Bangkok: Kneeling in front of her King, Suthida Vajiralongkorn na Ayudhya was invested as Queen on Saturday in Bangkok’s Grand Palace, taking up a prominent role in a country where the monarchy is deeply revered, a fairy tale ascent for the former flight attendant.
Wearing a pink traditional dress, Suthida took her seat next to King Maha Vajiralongkorn in the throne hall after he poured a few drops of sacred water on her forehead and handed over insignia according her status as queen.
The newest member of the royal family is the fourth wife of 66-year-old Vajiralongkorn, a deeply private monarch who spends a lot of his time abroad in Germany.
He has a 14-year-old son from his third marriage and six other children.
King Maha Vajiralongkorn’s coronation Saturday came just three days after a stunning palace announcement that the pair had married bestowing Suthida with the title of Queen.
But not much is known about his long-time consort-turned-queen, who faces a new and protocol-filled life in the wealthy and venerated Thai monarchy.
Broad biographical details such as her work as a flight attendant and her education at an upper-crust institution have emerged in Thai media. But the palace has so far declined requests for more information.
Suthida does not have the same royal lineage as Vajiralongkorn’s mother Queen Sirikit, who is the great-granddaughter of the Chakri dynasty’s fifth king.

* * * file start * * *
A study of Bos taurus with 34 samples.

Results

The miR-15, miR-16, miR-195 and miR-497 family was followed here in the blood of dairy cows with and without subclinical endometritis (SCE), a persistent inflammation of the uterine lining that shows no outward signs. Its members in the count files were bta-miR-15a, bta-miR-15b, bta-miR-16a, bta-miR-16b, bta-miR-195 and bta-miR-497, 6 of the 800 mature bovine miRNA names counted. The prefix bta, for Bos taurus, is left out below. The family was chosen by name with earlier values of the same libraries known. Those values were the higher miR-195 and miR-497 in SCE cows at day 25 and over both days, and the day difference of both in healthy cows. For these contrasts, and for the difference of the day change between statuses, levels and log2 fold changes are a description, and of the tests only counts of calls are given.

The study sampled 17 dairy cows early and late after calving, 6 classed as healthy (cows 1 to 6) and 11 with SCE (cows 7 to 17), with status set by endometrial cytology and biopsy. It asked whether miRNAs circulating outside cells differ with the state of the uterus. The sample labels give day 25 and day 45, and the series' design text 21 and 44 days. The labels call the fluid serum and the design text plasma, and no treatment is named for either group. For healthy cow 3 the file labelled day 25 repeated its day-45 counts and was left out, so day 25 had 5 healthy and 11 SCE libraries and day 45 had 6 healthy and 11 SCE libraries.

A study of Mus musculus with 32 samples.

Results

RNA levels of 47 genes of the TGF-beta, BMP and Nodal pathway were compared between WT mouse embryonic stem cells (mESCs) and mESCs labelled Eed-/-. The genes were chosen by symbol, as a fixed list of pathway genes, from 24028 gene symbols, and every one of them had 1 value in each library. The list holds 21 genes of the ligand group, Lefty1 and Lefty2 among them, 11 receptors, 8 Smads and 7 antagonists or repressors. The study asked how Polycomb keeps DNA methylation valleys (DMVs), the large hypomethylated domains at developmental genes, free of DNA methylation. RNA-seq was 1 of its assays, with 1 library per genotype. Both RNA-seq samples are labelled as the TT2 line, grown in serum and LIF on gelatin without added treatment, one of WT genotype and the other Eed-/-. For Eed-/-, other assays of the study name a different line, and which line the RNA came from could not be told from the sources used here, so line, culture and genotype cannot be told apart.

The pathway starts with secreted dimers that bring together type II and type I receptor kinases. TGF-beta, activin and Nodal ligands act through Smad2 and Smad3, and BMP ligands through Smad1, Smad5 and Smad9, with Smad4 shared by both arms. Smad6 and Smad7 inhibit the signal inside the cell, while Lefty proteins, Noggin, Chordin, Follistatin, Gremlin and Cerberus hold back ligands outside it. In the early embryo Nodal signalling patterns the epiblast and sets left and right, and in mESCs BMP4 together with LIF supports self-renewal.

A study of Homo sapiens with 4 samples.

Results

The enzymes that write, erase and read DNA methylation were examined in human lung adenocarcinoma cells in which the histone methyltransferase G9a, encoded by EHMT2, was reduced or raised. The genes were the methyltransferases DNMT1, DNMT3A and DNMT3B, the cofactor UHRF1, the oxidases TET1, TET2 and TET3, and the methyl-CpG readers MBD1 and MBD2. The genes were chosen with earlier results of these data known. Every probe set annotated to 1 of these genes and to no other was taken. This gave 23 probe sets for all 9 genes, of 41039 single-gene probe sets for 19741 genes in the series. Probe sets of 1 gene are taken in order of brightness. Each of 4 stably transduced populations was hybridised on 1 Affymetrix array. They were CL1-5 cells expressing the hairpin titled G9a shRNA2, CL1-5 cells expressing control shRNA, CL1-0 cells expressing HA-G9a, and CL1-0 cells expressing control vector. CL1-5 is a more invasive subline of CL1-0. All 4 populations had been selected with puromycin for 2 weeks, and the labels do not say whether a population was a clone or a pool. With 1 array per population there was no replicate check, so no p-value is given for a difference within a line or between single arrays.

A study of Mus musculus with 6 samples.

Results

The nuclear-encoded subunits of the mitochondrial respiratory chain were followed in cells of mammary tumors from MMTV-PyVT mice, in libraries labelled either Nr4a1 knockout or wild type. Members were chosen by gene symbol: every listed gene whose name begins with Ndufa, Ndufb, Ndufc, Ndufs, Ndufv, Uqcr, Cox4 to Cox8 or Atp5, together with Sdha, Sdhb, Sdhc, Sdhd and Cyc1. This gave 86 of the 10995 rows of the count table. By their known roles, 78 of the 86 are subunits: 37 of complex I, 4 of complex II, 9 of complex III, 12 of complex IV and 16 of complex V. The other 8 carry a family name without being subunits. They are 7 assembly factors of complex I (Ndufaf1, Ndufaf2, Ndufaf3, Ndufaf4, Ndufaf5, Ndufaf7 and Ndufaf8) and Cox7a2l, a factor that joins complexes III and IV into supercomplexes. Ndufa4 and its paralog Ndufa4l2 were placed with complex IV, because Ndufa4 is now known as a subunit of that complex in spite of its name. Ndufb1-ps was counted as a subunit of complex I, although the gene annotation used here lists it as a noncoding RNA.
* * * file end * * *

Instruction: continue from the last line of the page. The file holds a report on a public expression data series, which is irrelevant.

She has “really come from the people”, said Sophie Boisseau du Rocher, Thailand specialist at the French Institute of International Relations (IFRI).
Harsh lese-majeste laws mean unguarded discussion about the monarchy inside the country is dangerous and can result in a prison term of up to 15 years per count.
Thailand’s normally effusive social media have been subdued in reaction to the royal news.
Suthida’s first public engagement came Thursday when the couple kneeled to pay their respects to statues of previous Chakri dynasty monarchs in Bangkok’s old quarter.
On Friday, she accompanied her husband to the sacred Temple of the Emerald Buddha in the heart of the Grand Palace.
Queen brings ‘legitimacy’
Born on June 3, 1978, she graduated with a Communication Arts degree in 2000 from the Catholic-run Assumption University of Thailand.
She then worked as a flight attendant for national carrier Thai Airways.
According to a local media report she met the future king, a keen aviator with a pilot’s licence, when he flew the company’s aircraft during a charity event in 2007.
In November 2013, Suthida entered the royal army before becoming part of the monarch’s prestigious security detail less than a year later.
She was promoted to the rank of general in December 2016 two months after the death of revered former King Bhumibol Adulyadej as Vajiralongkorn took to the throne.
Less than a year later, in 2017, she was made deputy commander of the king’s Royal Guard, often seen shadowing the monarch at public events.
One of her latest appearances was in April, when she sat stone-faced behind her future husband wearing a white uniform with a black tie and epaulettes as he addressed police.
The couple would often travel to Bavaria in southern Germany, where Vajiralongkorn has several residences.
The king’s marriage to Suthida is a “way of further legitimising” his reign, said Paul Chambers, political analyst at Thailand’s Naresuan University.
“A king is supposed to have a queen and now he has one.”